On Friday, October 27th, the Harvard Early Music Society presented the North American premiere of Telemann’s Johannespassion (St. John Passion) at First Church in Cambridge. This was part of a two-concert weekend that also featured the work at First Baptist Church in Medford.
The Johannespassion was the only one of Telemann’s 52 passions published in the composer’s lifetime. This master work was well received in Hamburg when it premiered in 1745. Its over two hours of music was written so that the common German people, who spoke little Italian, could understand it. Telemann insisted it be published with only German performance indications. All of its sung lyrics are in German as well, which likely contributed to its success in Hamburg.
First Church’s large space provided an ideal acoustic balance for the eight-person chorus, seven principal singers, and 19-instrument orchestra. Telemann’s music began sonorously, injecting masterfully crafted moments of tension when Jesus prays to his Father before being taken away to die. Christ sings an accompanied recitative and a full aria, something rarely done in the composer’s time. James Lesu’i's resonant baritone created a sympathetic portrayal. Throughout the evening, conductor Elias Miller did a fine job of balancing the various components of his ensemble, bringing out passionate violins and soaring flutes, which often mirrored soloists’ melismatic runs.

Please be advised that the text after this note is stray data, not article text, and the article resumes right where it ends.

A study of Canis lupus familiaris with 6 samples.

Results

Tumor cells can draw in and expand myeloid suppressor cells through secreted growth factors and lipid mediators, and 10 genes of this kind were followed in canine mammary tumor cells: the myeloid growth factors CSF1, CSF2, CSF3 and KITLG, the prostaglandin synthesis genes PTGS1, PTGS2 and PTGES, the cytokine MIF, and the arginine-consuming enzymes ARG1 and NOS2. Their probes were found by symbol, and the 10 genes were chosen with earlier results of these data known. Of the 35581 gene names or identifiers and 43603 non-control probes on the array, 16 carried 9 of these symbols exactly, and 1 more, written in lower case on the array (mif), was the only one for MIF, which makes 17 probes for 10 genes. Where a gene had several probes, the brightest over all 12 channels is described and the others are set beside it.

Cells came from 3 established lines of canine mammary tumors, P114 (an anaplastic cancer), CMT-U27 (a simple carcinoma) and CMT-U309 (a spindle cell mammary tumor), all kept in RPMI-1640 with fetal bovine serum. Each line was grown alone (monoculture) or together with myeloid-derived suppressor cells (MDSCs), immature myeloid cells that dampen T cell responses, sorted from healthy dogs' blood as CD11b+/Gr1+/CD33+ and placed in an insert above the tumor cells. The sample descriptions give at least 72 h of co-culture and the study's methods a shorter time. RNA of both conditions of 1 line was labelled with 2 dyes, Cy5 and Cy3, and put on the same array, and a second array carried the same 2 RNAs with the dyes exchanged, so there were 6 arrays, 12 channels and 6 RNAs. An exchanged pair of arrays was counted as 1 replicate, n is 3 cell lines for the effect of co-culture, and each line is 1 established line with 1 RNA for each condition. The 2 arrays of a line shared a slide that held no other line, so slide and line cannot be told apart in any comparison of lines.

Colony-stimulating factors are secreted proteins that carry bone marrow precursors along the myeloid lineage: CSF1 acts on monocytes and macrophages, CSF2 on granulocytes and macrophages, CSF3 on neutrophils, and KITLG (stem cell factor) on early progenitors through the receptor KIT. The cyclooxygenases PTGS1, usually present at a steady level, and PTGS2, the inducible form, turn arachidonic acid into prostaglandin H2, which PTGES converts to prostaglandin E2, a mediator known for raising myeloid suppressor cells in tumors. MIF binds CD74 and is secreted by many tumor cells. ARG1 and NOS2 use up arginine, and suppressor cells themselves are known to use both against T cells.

Stand-out moments of dramatic theatricality that were particularly effective included one in the first half when the lightning fast fugal choir blended seamlessly into unison only to stop altogether. Just as swiftly as the choral voices bathed us in their waves, they left behind a sudden echo which reverberated off the towering church walls. In the second half, a frenzied mob chanted “Crucify!” through wild, feral runs that sounded almost contemporary in their haphazard ferocity. Telemann’s St. John passion offered much more material for female soloists than J.S. Bach’s: Alto soloist Maddie Studt’s beautiful, rich voice filled the hall with a rarely heard dulcet quality, while MaryRuth Lown’s clear soprano and tasteful dramatic interpretation contributed grace.
Telemann’s passion ended with a more subtle and understated cadence than Bach’s. Yet, the audience was moved to two standing ovations, making this a very successful North American premiere, especially given the 272-year wait.
This review can also be found at the Boston Musical Intelligencer here.